Language shapes the way we think, and determines what we can think about.

– Benjamin Lee Whorf, American linguist

It is heartening to note that Iban language (jaku Iban) has been given due recognition. Starting from January 2007, it has been taught in Sarawak schools as a subject called ‘Bahasa Iban’ and as an examination paper in the Sijil Pelajaran Malaysia (SPM) examination. And now it is taught to Form Six classes and as a Malaysian Higher School Certificate (STPM) exam paper using the code 6356.

Prior to this, the subject was offered in several schools — mostly rural primary and secondary schools up to Form Three classes only. For example, in three schools that I headed early in my career, namely Sekolah Menengah Kebangsaan (SMK) Sedaya Kanowit, SMK Saratok and SMK Julau, Bahasa Iban did help to elevate students’ scores in their Lower Education Certificate (SRP/PMR) examinations.

During our primary school days in the early 60s, we were also taught the language — I remember well the main character Bada in the textbook. It was taught in simple and kid-centric Iban such as using funny examples and sentences like Bada jaga gajah or “Bada looks after (or guards) an elephant”, an unlikely scene in elephant-less Sarawak. But we did have a good laugh about it. Jaku Iban wasn’t made an examination subject in the Primary Four and Primary Six Assessment Tests.

That having been said, the subject was actually introduced to primary and secondary schools starting respectively from 1957 and 1963.

Currently, there are reportedly over 33,000 secondary students taking the subject and about 24,000 primary pupils learning it. In the Standard Primary School Curriculum 2011, Bahasa Iban is a compulsory elective subject like Bahasa Arab, Bahasa Cina, Bahasa Tamil, Bahasa Semai and Bahasa Kadazandusun.

For the higher learning institutions, Universiti Perguruan Sultan Idris (Upsi) in Tanjung Malim, Perak had started accepting 20 students to study Bahasa Iban for its 2010/2011 intake.

Its four-year degree students would major in Bahasa Malaysia and do Bahasa Iban as a minor subject. They will teach in secondary schools after graduation. Now, after nearly 10 years, such arrangement has produced hundreds of qualified Bahasa Iban subject teachers.

In Sarawak, two teachers’ colleges, namely IPG Miri and IPG Rejang, have also trained qualified Bahasa Iban teachers starting with their respective first batches of 30 and 25 in 2010.

On the universality of the lban lingo, apart from the 750,00 native speakers in Sarawak, there are roughly over three million in Indonesia’s West Kalimantan (Kalbar), about 40,000 in Johor, a few hundred in Sabah and some 20,000 in Brunei districts of Belait, Tutong, Muara and Temburong.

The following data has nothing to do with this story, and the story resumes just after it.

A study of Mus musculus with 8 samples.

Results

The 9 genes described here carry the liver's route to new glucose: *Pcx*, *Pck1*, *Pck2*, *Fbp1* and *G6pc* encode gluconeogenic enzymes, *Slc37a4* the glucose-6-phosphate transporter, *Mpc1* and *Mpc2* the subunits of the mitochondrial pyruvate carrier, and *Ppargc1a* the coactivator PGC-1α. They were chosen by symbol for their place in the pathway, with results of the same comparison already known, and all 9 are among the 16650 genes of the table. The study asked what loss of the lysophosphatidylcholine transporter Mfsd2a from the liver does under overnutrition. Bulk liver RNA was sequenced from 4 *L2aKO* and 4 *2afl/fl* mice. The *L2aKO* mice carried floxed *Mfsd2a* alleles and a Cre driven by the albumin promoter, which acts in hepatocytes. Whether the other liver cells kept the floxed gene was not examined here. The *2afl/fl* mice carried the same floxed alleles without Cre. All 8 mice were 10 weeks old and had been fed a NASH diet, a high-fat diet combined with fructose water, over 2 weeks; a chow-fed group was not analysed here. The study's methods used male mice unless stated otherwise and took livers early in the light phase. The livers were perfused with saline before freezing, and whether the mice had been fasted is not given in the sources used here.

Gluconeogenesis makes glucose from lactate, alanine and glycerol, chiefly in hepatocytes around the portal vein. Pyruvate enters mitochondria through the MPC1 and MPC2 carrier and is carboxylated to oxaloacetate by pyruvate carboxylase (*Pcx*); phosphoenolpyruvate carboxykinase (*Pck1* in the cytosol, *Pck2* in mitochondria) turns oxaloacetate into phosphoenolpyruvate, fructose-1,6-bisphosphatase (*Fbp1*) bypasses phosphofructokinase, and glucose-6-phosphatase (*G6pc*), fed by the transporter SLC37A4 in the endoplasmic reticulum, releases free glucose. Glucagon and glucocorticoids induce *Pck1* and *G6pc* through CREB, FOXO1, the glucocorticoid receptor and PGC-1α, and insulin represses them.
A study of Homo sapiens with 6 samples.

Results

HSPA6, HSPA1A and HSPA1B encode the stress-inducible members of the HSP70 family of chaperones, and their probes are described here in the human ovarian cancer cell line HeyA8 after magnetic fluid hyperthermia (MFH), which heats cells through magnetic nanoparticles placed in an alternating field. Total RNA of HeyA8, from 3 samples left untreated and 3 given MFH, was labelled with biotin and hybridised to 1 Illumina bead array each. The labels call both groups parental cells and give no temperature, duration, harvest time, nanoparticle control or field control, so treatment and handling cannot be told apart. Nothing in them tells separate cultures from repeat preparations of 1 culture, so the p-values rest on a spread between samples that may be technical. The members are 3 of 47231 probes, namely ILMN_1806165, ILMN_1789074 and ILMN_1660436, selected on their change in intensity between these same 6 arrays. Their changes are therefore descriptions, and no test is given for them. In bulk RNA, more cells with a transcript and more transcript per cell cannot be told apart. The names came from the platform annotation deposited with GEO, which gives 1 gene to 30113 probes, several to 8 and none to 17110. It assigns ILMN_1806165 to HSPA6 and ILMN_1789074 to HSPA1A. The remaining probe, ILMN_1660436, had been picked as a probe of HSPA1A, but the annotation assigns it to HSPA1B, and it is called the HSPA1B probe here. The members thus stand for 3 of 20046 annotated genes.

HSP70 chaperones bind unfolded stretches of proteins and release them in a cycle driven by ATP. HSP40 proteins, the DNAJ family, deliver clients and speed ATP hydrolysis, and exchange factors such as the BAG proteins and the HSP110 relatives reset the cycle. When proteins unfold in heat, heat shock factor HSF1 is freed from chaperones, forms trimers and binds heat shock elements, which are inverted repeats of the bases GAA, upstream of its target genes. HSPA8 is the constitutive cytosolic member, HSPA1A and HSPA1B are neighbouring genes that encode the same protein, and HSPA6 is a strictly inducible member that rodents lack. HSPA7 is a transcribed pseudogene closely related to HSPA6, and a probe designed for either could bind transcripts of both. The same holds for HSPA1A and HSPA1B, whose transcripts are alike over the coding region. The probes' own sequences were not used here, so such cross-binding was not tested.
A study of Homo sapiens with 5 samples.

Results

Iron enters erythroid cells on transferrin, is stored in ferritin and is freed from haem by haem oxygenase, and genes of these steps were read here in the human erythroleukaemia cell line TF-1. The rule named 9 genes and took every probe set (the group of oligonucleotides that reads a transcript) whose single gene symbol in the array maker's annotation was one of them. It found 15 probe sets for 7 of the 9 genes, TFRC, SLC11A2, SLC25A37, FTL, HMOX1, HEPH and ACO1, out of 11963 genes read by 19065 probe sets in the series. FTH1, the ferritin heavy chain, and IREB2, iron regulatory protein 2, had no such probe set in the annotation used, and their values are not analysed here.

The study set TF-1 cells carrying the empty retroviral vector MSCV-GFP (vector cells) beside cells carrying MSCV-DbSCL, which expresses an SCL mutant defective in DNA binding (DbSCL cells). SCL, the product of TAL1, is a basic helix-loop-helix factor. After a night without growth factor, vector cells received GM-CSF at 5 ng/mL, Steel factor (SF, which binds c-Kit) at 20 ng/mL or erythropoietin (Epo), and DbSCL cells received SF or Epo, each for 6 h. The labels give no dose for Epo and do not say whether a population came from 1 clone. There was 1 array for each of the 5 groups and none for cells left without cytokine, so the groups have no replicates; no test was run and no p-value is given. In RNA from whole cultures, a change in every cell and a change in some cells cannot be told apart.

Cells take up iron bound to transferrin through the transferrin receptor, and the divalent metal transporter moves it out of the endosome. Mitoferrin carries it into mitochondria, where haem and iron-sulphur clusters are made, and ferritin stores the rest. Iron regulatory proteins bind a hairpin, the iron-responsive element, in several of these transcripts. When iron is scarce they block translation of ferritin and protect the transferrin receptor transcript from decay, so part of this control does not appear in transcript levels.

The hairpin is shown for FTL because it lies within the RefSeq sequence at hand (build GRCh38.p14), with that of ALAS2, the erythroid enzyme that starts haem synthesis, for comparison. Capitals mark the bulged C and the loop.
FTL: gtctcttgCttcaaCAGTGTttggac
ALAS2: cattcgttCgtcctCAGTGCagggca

Most of those in Temburong, led by Pehin Empading — I met him in 1999 — were children of immigrants from Krian and Saribas as well as other districts in Sarawak.

The original immigrants were no more around by the time I visited a Temburong settlement for Gawai Dayak in 1999. Their accent is similar to ours with some differentiations pertaining to names of various items and terminologies too.

Our Indonesian counterparts speak with a mixed accent but their Iban is authentic. After all, Kapuas basin was the birthplace of our ancestors.

It was a privilege when I spent two working weeks and at least a month of stay with two of them to whom I am related to by marriage. This was in 1972. Our two working weeks were spent as labourers — earning RM4.50 per day — at the construction site of Sarawak House in Sibu.

I learnt some Indonesian dialects from them, including Maloh and Kantu apart from the art of making/weaving fishing net (jala).

Being a universal language, Iban tends to help us to expand one’s horizon and at the same time, making new friends.

When my article ‘Dayak confusion in Brunei’ was published in The Borneo Bulletin, a Brunei Iban police inspector by the name of Jipun called from his office. He commended my writing and invited me for coffee. He was born in the sultanate but his deceased parents were from Betong. We bonded immediately.

So those speaking Iban can easily understand each other despite our parochial accent. This is a testament of the language’s universal status. It is also the lingua franca for most Sarawak’s rural districts.

One would hear Chinese parents scolding their kids in Iban in places like Saratok, Debak, Roban, Betong, Lubok Antu, Engkilili, Julau, Kanowit, Song, Kapit and elsewhere.

In 2006, I was tasked with starting Berita Iban, a pull-out of Utusan Borneo. It was very challenging but rewarding. Nevertheless, I still have a lot to learn, despite getting press awards (Iban News Reporting) for five consecutive years.

Learning is an interminable process.